The 101 on Depreciation Expense and Fixed Assets

By Freed Maxick on July, 22 2013

By: Rodney Collins

Fixed assets are a common source of loan collateral. But when a business has to account for equipment, plant and property, it can be tricky. IRS and FASB rules allow some leeway when deciding whether to expense or capitalize a purchase, as well as choosing the depreciation methods.

To expense or capitalize … That is the question

Deciding whether to expense or capitalize a purchase is subjective. If an asset is above a certain dollar amount (which will vary from company to company) and is expected to have ongoing use to the company beyond the current period, it technically should be reported on the balance sheet and then gradually depreciated over its expected lifespan.

On the other hand, some purchases are expensed in the current period, typically as maintenance or supply and repair expenses. Immediately expensing those purchases will lower the borrower’s profits compared to capitalizing purchases.

Keep in mind that repairs and maintenance are “hot buttons” with the IRS. Internal Revenue Code Section 263(a) classifies maintenance and repair spending as a “capitalizable improvement” if it lengthens the duration that the client can use it as an asset, adds to an asset’s value, or adapts an asset to a different use.

Choosing book or market value

When a client capitalizes a fixed asset, the amount shown on the company’s balance sheet reflects the original purchase price minus any depreciation expense that has been taken over the asset’s life. If the borrower uses accelerated tax depreciation methods for book purposes, the balance sheet may significantly understate a fixed asset’s ongoing value to the company.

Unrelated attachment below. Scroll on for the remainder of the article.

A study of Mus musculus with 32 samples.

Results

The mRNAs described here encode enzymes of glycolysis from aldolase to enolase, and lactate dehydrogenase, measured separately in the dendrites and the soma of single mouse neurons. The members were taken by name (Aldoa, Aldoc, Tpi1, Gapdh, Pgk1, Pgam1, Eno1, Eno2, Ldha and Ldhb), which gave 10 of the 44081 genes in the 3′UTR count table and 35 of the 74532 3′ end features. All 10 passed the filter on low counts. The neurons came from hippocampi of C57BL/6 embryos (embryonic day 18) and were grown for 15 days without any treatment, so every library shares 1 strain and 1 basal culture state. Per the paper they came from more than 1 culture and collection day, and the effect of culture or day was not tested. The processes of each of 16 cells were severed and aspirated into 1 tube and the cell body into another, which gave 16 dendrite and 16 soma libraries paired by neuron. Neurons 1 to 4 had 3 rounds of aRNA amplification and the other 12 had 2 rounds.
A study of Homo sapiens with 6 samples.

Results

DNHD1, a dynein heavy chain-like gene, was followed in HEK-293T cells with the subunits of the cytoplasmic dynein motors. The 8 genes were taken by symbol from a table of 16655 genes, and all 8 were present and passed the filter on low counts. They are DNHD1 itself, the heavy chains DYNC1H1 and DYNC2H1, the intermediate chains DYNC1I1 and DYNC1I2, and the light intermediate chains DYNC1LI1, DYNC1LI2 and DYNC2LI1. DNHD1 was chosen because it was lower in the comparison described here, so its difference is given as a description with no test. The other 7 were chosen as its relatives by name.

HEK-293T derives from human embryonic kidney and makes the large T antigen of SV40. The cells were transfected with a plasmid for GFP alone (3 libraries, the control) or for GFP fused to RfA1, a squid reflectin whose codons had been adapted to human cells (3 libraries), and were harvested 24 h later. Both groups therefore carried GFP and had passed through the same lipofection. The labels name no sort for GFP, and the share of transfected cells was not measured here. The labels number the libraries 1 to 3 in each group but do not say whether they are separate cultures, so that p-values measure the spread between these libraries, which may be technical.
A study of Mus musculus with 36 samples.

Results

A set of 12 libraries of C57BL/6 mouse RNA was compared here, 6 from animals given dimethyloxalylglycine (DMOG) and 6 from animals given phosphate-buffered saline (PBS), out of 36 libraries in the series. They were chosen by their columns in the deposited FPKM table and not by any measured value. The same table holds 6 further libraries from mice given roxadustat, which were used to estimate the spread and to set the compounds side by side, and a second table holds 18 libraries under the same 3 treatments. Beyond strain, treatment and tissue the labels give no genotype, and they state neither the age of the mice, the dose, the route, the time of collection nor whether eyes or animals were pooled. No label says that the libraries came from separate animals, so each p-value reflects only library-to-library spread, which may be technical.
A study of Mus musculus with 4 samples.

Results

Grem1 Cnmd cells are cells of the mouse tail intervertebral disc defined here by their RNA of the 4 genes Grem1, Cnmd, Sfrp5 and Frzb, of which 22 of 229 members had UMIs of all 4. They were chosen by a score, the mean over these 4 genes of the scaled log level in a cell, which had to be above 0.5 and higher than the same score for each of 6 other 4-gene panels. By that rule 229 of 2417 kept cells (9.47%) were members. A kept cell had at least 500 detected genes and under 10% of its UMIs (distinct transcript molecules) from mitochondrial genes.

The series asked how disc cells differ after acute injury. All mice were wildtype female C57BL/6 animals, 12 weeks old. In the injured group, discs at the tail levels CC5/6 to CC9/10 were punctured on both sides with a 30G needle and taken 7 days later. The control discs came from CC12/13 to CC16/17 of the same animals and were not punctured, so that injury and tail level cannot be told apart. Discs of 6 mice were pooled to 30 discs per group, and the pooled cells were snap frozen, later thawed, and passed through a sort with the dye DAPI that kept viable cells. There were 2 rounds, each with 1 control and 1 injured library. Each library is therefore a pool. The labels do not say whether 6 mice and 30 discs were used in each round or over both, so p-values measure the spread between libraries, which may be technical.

A gift from Uncle Sam

The American Taxpayer Relief Act, or simply ATRA, allows businesses to write off up to $500,000 of qualified fixed asset purchases in 2013. The write off is subject to a dollar-for-dollar phase-out above $2 million. For any purchases above that $2 million, clients can write off half the purchase price under ATRA’s bonus depreciation provision.

Certain federal stimulus programs have been permitting expanded tax depreciation allowances since 2008. So if a borrower uses tax depreciation methods for book purposes, the balance sheet may report zero value for items that were purchased over the last six years. The good news is that many of these fully depreciated items will continue to benefit the client for years to come.

Moreover, profits can be quite low in the year that Section 179 or bonus depreciation deductions are taken.

Understand the law

In order to fully understand what’s happening with a borrower’s fixed assets and depreciation methods, you need to dig deeper. Fixed asset appraisals are essential if clients pledge them as loan collateral. If your bank accepts fixed assets at face value, you might make some bad decisions about the profitability, collateral values, and overall creditworthiness.

Freed Maxick’s Asset Based Lending division is one of the nation’s largest providers for field exam outsourcing services. If you have questions regarding your fixed assets, depreciation expenses or any other asset based lending issue, give our Buffalo NY office a call at 716.847.2651, or you may contact us here.